How to Build a Motorless Go-cart

MOTHER's children article showcases a young man who learned how to build a motorless go-cart that is fast, fun, eco-friendly to run and low-cost to make.

| July/August 1985

  • How to build a motorless go-cart
    Diagram: Details of the go-cart's steering mechanism.


MOTHER'S CHILDREN: Greg learns how to build a motorless go-cart from scratch and has great success with his building project and his consultation gigs to help his friends build a homemade go-cart. 

MOTHER feels strongly that youths can be creative "doers," working toward more ecological and self-reliant lifestyles — ;whether their tasks be raising chickens on a farm or maintaining rooftop container gardens in the city. To support the endeavors of our often overlooked "underage" citizens, we're glad to publish well-written articles from younger children and teenagers concerning projects they've undertaken. 

It all began when my dad told me about the soapbox derby cars that he built when he was a kid. His stories made me want to build a motorless go-cart of my own. I didn't have any money to spend, though, so I used stuff we already had. At the time, I had two broken-down Green Machines, which are low-riding, big-wheeled, plastic tricycles. I also had some white cedar 2-by-8s left over from an old sun deck that my dad said we kids could use for projects. With that and a few other odds and ends-mostly from my "junk jar" — I learned how to  build a motorless go-cart, the Thunder Racer!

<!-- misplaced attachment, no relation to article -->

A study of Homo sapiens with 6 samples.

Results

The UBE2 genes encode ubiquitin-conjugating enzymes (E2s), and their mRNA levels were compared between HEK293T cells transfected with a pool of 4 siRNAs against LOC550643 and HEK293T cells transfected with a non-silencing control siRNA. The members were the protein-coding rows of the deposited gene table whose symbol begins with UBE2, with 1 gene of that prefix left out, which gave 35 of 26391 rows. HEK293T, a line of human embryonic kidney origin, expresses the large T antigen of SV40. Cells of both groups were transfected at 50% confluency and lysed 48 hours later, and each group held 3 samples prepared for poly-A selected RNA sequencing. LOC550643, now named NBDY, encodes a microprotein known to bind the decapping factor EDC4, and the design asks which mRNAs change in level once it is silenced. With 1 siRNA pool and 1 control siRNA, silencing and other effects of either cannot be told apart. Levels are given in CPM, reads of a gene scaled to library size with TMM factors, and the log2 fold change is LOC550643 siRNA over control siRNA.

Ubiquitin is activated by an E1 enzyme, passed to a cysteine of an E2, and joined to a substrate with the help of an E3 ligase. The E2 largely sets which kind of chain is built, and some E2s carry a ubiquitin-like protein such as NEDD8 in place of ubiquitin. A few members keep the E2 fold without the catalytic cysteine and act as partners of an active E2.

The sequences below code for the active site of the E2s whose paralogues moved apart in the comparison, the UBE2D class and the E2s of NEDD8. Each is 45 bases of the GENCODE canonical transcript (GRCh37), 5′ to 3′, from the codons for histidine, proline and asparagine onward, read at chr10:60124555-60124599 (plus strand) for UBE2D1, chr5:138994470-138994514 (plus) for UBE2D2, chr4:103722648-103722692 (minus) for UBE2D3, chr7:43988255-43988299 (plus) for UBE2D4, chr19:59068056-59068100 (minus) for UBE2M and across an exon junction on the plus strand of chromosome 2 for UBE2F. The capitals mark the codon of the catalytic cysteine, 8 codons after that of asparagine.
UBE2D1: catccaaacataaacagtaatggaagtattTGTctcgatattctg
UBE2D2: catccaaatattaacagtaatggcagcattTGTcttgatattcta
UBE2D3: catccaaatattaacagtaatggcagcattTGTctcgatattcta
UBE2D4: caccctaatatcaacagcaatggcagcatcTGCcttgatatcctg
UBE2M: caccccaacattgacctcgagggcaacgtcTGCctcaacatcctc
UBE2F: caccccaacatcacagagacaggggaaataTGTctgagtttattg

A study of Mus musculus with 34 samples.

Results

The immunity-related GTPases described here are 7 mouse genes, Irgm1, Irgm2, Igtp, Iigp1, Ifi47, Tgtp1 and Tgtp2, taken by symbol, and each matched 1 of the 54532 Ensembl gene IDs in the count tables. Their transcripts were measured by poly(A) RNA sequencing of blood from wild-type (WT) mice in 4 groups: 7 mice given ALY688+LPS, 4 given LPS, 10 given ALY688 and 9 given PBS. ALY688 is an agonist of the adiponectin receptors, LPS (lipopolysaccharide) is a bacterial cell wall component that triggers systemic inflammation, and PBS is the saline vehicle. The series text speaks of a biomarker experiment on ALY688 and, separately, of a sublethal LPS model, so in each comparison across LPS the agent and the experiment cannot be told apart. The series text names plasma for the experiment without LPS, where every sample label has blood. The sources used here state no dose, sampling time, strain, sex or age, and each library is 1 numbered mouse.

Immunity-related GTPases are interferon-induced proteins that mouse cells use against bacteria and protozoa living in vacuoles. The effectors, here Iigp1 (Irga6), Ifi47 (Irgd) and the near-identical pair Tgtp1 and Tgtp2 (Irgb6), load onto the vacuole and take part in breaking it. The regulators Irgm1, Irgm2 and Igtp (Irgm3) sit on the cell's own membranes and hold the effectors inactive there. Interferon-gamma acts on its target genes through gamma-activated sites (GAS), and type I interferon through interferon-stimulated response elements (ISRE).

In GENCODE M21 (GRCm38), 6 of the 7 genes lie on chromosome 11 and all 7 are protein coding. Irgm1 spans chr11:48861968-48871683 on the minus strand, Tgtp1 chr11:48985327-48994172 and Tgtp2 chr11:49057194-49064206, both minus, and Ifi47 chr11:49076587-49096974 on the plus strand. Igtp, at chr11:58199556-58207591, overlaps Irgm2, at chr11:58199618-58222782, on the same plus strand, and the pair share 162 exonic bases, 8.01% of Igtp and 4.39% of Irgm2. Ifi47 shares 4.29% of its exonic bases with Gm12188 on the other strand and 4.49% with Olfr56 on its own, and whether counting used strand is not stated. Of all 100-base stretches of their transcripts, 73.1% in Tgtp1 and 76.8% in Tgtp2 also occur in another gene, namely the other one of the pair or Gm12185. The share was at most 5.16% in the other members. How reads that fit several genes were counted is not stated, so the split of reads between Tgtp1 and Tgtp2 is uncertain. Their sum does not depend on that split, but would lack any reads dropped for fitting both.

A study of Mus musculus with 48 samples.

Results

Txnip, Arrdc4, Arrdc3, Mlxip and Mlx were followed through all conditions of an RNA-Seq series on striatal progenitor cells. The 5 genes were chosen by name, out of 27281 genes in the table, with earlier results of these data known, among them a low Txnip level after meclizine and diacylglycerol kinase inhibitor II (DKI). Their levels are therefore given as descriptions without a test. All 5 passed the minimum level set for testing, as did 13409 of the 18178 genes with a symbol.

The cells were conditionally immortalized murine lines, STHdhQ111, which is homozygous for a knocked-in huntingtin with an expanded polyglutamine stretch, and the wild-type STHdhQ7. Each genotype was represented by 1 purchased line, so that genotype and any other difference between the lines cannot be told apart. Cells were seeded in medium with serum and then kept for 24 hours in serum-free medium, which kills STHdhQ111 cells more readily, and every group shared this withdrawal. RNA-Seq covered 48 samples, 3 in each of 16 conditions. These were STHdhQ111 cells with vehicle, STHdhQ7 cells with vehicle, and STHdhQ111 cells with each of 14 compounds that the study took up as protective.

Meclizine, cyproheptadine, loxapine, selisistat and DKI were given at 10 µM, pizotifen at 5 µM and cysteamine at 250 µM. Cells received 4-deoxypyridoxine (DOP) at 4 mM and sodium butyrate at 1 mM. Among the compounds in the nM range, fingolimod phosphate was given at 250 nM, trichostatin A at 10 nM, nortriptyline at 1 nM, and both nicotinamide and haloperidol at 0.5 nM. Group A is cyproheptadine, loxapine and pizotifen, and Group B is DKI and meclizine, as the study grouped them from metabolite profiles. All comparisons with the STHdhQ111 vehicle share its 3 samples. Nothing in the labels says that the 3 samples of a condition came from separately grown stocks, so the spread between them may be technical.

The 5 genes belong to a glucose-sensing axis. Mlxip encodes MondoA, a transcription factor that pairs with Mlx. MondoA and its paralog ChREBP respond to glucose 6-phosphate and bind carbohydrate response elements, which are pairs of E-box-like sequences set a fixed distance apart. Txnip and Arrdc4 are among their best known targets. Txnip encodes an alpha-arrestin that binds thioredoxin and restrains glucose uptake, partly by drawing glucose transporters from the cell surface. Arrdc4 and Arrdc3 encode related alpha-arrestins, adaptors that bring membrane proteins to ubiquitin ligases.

I used the axle with attached wheels from the back of both Green Machines for my go-cart wheels. I built a basic frame from 2-by-8s and added side and back walls (my younger sister insisted that she wouldn't ride in the go-cart unless it had sides). I lined the seat with carpet for comfort, made a steering mechanism so I could turn it with a rope, and even put on a brake shoe — made from an old shoe, naturally!

To find out how to make a cart like mine, read the section below, "Ten Simple Steps for Building a Really Good Go-Cart." Right now, though, let me tell you about some of the experiences I've had with my downhill racer. I made two big, important mistakes right off: First, I built the frame in a rectangle shape that was just wide enough to fit between the wheels. But that meant there wasn't enough room for the wheels to turn sideways at all, so I couldn't steer! I had to tear the go-cart frame halfway apart (which was a lot of work I could have saved myself if I had thought ahead), then put it back together again with the front end cut narrower. Then there was room for the board with the axle on it to pivot.

My second big mistake was using cedarwood for the sides of my go-cart. It made very thick, heavy walls that I felt would last forever. But they didn't. When my older brother and his friend tried to ride on the cart together, the two of them ran smack into a brick mailbox, and the sides of the go-cart split in half. (The two boys nearly did, too!)